Hi Temp Duct Fan Nowhere to Eb Found


I have a new Pioneer LE with the duct top. The stove is wonderful but to get a bit more heat to the second floor I have a duct top connected to about 5 feet of pipe that goes to a register up stairs. I need to get more air flow up the pipe so I need a good duct fan. The problem is I can't find a duct fan that can handle the air temps of the stove. I bought a areo-flow fan that said it was rated at 245F but it died within a few days.

I've measures the temps of the air and it seems to max out at 180F. I've contacted a couple of fan manufacturers and they all told me the same thing. That 99% of all fans are class B or F rated which is 120F and 140F respectively. The few exceptions I have found are fans designed for smoke and fire mitigation in commercial applications and they cost almost as much as my stove.

What are you guys using?

I know LL has a hot air jacket with a 14" fan on it....would LL mind sharing the manufacturer/model of that fan? I don't have a 14" duct but maybe I can find a similar one thats smaller.



How big is the register? Have you thought of a register fan?


Here is where I think most people are getting them. This where I got mine. They are rated around 260 deg.


Thanks, I did get mine at areo-flo and it only lasted a few days. I guess it's possible it was a lemon.

I looked up the serial number on the motor and it is also a Class F motor which means the motor is only rated at 140F so they take some liberty with the 260F number. Also, the fan seemed to put out very little cfm.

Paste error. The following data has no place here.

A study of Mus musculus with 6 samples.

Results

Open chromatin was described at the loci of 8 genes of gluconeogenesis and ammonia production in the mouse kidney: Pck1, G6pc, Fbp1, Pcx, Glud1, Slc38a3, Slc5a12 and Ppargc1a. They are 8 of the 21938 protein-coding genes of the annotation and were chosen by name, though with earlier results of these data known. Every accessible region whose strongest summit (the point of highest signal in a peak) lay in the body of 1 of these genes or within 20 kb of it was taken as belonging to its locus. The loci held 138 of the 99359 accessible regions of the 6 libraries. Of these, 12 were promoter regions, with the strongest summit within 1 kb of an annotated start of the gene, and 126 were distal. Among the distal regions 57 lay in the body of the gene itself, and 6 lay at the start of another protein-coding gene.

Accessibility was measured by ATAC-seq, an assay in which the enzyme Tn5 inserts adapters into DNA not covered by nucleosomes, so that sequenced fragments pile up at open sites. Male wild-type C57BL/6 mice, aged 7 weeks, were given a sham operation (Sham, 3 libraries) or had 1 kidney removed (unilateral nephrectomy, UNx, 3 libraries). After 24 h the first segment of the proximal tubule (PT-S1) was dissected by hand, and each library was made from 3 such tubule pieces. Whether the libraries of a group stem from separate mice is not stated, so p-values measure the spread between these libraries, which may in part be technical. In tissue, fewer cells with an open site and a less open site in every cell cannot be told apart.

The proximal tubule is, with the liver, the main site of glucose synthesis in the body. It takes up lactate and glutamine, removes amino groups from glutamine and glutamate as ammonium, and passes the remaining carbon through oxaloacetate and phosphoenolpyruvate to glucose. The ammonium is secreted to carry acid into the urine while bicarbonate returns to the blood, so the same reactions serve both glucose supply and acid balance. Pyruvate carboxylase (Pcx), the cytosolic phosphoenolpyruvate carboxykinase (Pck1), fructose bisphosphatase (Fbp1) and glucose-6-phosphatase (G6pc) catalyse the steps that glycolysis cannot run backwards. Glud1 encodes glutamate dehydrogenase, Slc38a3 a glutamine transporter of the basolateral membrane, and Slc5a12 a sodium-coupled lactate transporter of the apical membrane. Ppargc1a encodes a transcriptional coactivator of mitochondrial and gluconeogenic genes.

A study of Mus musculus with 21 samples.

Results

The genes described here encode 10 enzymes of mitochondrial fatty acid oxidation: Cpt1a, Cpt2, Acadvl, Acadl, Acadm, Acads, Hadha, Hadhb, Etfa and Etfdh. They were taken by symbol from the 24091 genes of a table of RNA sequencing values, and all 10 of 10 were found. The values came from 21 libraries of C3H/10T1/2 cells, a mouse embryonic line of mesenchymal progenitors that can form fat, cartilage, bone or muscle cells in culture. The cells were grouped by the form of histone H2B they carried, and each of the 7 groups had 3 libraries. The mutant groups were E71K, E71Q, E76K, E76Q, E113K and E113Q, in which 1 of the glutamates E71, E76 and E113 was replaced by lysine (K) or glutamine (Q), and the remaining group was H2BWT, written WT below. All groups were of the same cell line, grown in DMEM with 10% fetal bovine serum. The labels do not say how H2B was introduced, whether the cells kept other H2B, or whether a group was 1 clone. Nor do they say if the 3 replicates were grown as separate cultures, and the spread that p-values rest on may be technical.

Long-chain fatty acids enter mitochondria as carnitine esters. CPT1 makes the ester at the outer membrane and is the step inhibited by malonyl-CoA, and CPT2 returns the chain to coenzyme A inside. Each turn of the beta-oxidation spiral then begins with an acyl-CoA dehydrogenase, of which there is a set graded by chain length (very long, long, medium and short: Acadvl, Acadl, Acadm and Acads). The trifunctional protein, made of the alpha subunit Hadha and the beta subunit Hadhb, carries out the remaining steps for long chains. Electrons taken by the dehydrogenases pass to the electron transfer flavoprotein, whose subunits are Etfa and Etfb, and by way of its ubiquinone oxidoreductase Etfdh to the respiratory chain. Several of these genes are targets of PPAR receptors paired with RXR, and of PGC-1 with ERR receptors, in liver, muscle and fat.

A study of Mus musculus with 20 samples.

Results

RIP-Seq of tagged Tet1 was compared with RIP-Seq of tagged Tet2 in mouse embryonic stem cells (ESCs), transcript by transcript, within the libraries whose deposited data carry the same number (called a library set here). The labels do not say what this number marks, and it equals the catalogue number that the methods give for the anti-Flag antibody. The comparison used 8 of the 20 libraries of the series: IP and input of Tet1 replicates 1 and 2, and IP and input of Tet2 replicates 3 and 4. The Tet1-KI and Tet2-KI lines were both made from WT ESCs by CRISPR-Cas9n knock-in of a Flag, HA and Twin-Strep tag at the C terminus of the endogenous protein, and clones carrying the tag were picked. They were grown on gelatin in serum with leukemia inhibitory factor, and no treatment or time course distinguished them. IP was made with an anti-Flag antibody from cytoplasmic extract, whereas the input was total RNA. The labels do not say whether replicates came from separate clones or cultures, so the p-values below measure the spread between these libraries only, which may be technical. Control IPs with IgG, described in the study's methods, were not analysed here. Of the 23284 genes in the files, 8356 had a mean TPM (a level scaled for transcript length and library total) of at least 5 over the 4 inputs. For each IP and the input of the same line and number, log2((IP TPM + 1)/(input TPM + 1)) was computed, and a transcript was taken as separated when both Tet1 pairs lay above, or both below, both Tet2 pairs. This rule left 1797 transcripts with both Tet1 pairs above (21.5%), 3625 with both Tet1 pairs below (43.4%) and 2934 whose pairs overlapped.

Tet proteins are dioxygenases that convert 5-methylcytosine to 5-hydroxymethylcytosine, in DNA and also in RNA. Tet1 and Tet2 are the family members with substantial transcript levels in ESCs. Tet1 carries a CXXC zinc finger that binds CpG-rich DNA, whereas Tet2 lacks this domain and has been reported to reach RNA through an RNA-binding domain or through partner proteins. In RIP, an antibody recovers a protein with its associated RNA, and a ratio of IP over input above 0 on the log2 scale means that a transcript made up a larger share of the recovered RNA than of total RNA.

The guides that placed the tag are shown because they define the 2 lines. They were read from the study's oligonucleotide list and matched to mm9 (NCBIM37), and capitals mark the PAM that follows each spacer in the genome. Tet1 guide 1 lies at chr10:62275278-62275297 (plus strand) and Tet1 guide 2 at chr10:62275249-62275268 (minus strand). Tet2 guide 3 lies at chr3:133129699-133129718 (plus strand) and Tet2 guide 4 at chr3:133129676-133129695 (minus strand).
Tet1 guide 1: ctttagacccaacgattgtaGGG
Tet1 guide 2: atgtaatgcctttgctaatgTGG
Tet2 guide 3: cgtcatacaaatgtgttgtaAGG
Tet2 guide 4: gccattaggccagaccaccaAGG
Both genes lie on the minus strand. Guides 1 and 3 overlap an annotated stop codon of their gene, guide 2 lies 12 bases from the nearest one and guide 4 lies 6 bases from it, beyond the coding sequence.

WNY wrote:Here is where I think most people are getting them. This where I got mine. They are rated around 260 deg.



Hello tmbm50, you might try ducting the other way... what I mean is ducting return air to the current fan on the LL stove.
At Lowes and HDepot there are ductwork flanges as well as plastic flanges that can be screwed to the inlet of the didtrbution fan on the stove..
Then hook a 4" or 6" cold air return duct to the fan. Pull the air from the farthest point in your house that you can.

The reason that this works is that when you start adding ducting to a stove, you are trying to make it act like a furnace. A furnace never pulls cold air from a basement, it has cold air return ducts that hook to a fan box on the furnace. With the forced hot air going out, and the cool return air getting reheated, it creates a circulation loop.

When we add a hot air duct to a stove, and try to push the hot air into upper floors, we are neglecting the other half of the circulation loop.

You can use inexpensive dryer vent fo this cold air return, unless you route it through unheated rooms.

Hope this helps. Greg L



I agree. With a hot air furnace the blower is always on the return (cold) air side. Placing the blower on a cold air return sounds like the way to go.


I had the same problem with my Alaska Channing, after burning up 2 fans I went to Grainger Supply and bought a Tjernlund draft inducer, cost about $150.00 it will handle very high temps.